By Lisa Kaaki
By Lisa Kaaki
September 21, 2011
Two Arab artists, Yto Barrada and Khaled Jarrar, are making a noticeable entrance at the FIAC (Foire Internationale d’Art Contemporain), the International Exhibition of Contemporary Art, which will take place in Paris from Oct. 19 to 23, 2011.
The Galerie Polaris will show the works of Barrada and Jarrar. Barrada was born in France from Moroccan parents and currently lives and works in Tangier while Jarrar is a Palestinian artist who lives in Ramallah. They both share the same approach regarding their native country. This dual vision — Ramallah-Tangier, Morocco-Palestine — reveals their way of seeing the world.
After spending her youth in Morocco, Barrada left to study political science at the Sorbonne. While researching ways that Palestinians and Israelis negotiate roadblocks in the West Bank, she found herself taking more photographs than notes. She realized that her pictures captured people’s spirit and their political struggle, so she decided to shift her field of study. Consequently, she attended the International Center of Photography in New York to pursue a career as a photographer.
Jarrar, like Barrada, discovered and studied photography at a later stage. He entered the world of photography after completing his studies in interior design. He is presenting two videos at the FIAC, including his famous Journey 110, about a tunnel that goes from the village of Old Beit Hanina on the West Bank to an area, also called Beit Hanina, which Israel has annexed as part of its Jerusalem municipality.
This passageway was first used in early 2004 when Israel built a barrier between the two Beit Haninas. Jarrar spent six hours capturing the 12 minute-long clip. The Israelis have now sealed the passage, but it has been estimated that up to 150 people a day used the tunnel when it was open. The film shows people’s legs sinking up to the knee in sewage. Wearing plastic bags on their feet, they plod along the 110-meter dark tunnel, crossing from the Israel-occupied West Bank into East Jerusalem.
“I take inspiration from the people. Contemporary art goes deep into concepts… you make your research… you meet people and document until you understand the situation. The creation is at the end, after you go through the process. The process is really important,” explains Jarrar.
The second video features a man walking through the streets of Ramallah in a scuba-diving suit. The scene is more than tragic-comic; it is utterly absurd since the man will not find a single drop of water.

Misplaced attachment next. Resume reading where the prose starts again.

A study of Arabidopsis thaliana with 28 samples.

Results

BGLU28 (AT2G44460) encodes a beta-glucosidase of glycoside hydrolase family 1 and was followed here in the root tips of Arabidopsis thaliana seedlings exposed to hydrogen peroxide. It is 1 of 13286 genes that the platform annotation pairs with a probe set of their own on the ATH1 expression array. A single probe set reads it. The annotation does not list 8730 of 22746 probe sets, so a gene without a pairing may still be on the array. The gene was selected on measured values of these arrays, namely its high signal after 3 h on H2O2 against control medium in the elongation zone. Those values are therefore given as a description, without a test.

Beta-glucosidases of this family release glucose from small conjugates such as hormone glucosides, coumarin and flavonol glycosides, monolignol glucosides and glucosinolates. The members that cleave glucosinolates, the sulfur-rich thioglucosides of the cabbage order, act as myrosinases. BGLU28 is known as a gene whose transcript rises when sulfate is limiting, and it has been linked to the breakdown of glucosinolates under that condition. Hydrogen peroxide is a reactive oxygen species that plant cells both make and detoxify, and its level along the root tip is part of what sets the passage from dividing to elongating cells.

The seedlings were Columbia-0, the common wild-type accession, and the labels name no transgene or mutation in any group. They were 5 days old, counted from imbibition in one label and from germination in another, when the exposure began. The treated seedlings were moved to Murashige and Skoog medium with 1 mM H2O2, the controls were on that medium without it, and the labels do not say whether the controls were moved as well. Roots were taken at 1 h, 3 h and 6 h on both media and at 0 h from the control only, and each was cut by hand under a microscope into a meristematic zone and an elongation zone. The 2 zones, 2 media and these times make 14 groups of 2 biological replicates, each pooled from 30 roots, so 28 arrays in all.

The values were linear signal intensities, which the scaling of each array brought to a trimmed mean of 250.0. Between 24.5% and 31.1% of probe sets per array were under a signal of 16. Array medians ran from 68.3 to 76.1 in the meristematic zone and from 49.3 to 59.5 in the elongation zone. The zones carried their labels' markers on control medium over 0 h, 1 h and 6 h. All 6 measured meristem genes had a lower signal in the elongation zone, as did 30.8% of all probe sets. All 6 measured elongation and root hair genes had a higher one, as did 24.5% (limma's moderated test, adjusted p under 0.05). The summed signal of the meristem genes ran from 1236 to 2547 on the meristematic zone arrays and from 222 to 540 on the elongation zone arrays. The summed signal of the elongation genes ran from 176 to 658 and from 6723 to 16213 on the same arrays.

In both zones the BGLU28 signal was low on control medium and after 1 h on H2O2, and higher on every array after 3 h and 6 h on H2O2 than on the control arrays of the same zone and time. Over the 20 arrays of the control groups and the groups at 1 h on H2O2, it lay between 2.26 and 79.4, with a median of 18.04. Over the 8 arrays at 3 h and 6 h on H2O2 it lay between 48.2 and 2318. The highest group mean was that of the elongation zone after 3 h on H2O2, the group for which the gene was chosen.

Jarrar is also presenting an installation, “State of Palestine,” in which he suggests that the city of Ramallah issues a “green card” that guarantees its citizens, a happy and prosperous life in Palestine. He has created an official looking stamp that bears the slogan “State of Palestine,” which he uses to stamp the passports of non-Palestinian visitors to Ramallah where he lives and works. The posters, desk, stamp and everything remind the viewer that the passport people dream about is the key to a new life on another continent.
For Jarrar, an artist is like a critic. Therefore, in his artwork, he explores and criticizes politics. He also sees art as a form of resistance, a creative and artistic form of activism against Israeli occupation.
In a similar fashion, Barrada casts a critical glance at life in Tangier. In this African city, so close to Spain, many dream of a better future in Europe. In “A Life Full of Holes: The Strait Project,” Barrada takes pictures of people living in a place, Tangier, but dreaming of another. Her suggestive photographs show people sleeping in public places as well as faces with a painful expression of loss while their eyes are staring at some invisible spot in the distance. The whole series is about immobility and stagnation, and Tangier is perceived as a city consumed by the desire to escape.
“I try to expose the metonymic character of the Strait through a series of images that reveal the tension, which relentlessly animates the streets of my home town between its allegorical nature and immediate, harsh reality,” writes Barrada.
This year has been prosperous for Barrada who has been named “The Artist of the Year 2011” by the Deutsche Bank. Besides her artistic activities, Barrada has also co-founded the Cinematheque de Tanger, North Africa’s first cinema cultural center.
Both Barrada and Jarrar have added to their work a touch of that spirit and that uniqueness found within their heart and soul. Most of all, we can appreciate through their films and photographs, the keen eye that enabled them to find an affinity between concept and the human form and to create as well, an unforgettable emotional resonance.